THE BLOG

The C Word: Is Crufts Harmful to Dogs?

05/03/2014 16:35 GMT | Updated 05/05/2014 10:59 BST

I absolutely love dogs and spend lots of money both giving to charities which help dogs, or buying treats and quality food for my own rescued pooch. It's for this reason and because the internet is watching us, that I am currently being followed around the web by banner adverts on almost every page I visit, urging me that as a dog lover I must want to attend Crufts, right?

Well actually no. It's exactly because I love dogs that I will not be attending Crufts.

Crufts claims to be 'the UK's biggest celebration of dogs' but I think it could be more accurately described as "the UK's biggest celebration of dogs bred to look a certain way often to the detriment of their health and welfare".

Many people will be horrified to learn that underneath the glossy veneer of the UK's biggest beauty pageant for dogs, lies the ugly fact that the way some of our favourite breeds of dog have been bred to look, can cause them chronic discomfort, pain and suffering throughout their lives and can even lead to their premature or painful deaths.

This is because most pedigree dogs are bred according to the Kennel Club's 'breed standards' which set out what an 'ideal' example of that breed should look like. It's these standards that the dogs at Crufts are judged against. However, some physical features have become so extreme over the years (e.g.dogs bred to have short, flat faces like pugs/bulldogs or dogs bred to have very wrinkled skin like Basset Hounds/Shar Pei) that they can cause pain and suffering as standard. Meanwhile, Crufts rewards those who continue to breed dogs putting looks over welfare and knowing they may be likely to suffer.

While it's good to see Crufts now giving some coverage to a handful of dogs for the positive influence they can have in people's lives in the 'Friends for life' feature and for the recent introduction of 'Scruffts' for mutts (though in 2013 it was a 'blink and you'd miss it' segment), the coverage is still dominated by dogs who through no fault of their own may suffer because looks have been put before health.

This year, fed up with dog shows judging dogs based on their looks, when it's often those very looks which cause suffering, the RSPCA has launched 'Ruffs 2014', our alternative online dog show which puts welfare and happiness over looks and celebrates dogs who will never be 'perfect' according to 'breed standards', but we think are champions. Visit our Facebook page from today (Wednesday 5 March) to cast your vote. Categories include 'Perfectly Imperfect', 'Best rescued ex-breeding dog' and 'Happiest Hound'.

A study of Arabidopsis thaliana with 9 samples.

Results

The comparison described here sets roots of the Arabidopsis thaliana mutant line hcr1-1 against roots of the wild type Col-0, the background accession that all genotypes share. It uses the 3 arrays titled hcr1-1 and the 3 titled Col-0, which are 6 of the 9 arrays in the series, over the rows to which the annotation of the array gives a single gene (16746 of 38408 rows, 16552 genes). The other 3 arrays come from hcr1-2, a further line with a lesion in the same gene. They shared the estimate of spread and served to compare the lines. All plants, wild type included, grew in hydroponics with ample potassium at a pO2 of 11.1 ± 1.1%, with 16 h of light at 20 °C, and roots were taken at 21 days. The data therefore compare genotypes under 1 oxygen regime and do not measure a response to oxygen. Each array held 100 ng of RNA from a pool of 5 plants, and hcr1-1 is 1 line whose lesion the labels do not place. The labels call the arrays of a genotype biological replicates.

To be clear, I'm certainly not saying that those who do attend Crufts are 'dog haters', in fact many will have no idea that pedigree dogs are suffering as a consequence of how they've been bred and more have been misled to believe that these problems are simply part of what makes the breed and that there's nothing that can be done about it. Luckily, it doesn't have to be this way...

The good news is, if the Kennel Club agree to an independent review of the breed standards to ensure health and welfare is prioritised over the way a dog looks then the welfare of pedigree dogs could be dramatically improved.

The bad news is, despite calls from the British Veterinary Association, Dogs Trust, Dog Advisory Council and even a report from an select committee of MPs, The Kennel Club refuse to agree to an independent review of breed standards.

But why? There is no denying that a great deal of dogs suffer due to the way they've been bred, so as an organisation which claims to be 'making a difference for dogs', surely this should be its top priority?

To put this issue in some kind of perspective, in 2011/2012, of the top 20 most popular dog breeds, 34,598 of the puppies born and registered were on the Kennel Club's own 'high profile' list (the breeds identified by the Kennel Club as at greatest risk of suffering from disorders associated with how they're bred to look). So over 30,000 puppies could experience pain and suffering due the way they've been bred to look. Now, when you consider that that is just 2 years worth of new puppies born and that many more will not have been registered or in the top 20. The scale of suffering of individual dogs (particularly as those with exaggerated features seem to be exploding in popularity in recent years) is enormous. Urgent action must be taken to prevent the suffering of so many and this change must come from the top.

As usual there will be the dismissive cries of 'RSPCA hate pedigree dogs' by a minority of people. Not only is this a lazy accusation, but it has no basis in reality (personally, I've got a soft spot for Greyhounds) and it's exactly this kind of fingers in the ears 'la la la la I can't hear you' attitude which only allows the continued breeding of dogs bred with looks placed above welfare.

Of course it's true to say that no person or animal will ever be immune from sickness and disease. But isn't it right to do everything possible to give dogs the best chance of leading a happy, healthy life and not to be plagued by pain and discomfort? Being a 'dog lover' should mean that a dogs health and welfare comes above individuals desire to have a dog who looks a certain way. If not, then dogs are relegated to the status of mere 'products' designed to the particular requirements of 'customers' and dogs deserve better.

If you agree that the health, welfare and happiness of dogs should always come before their looks, then stand up for pedigrees and join the 20,000 people who have already signed our petition!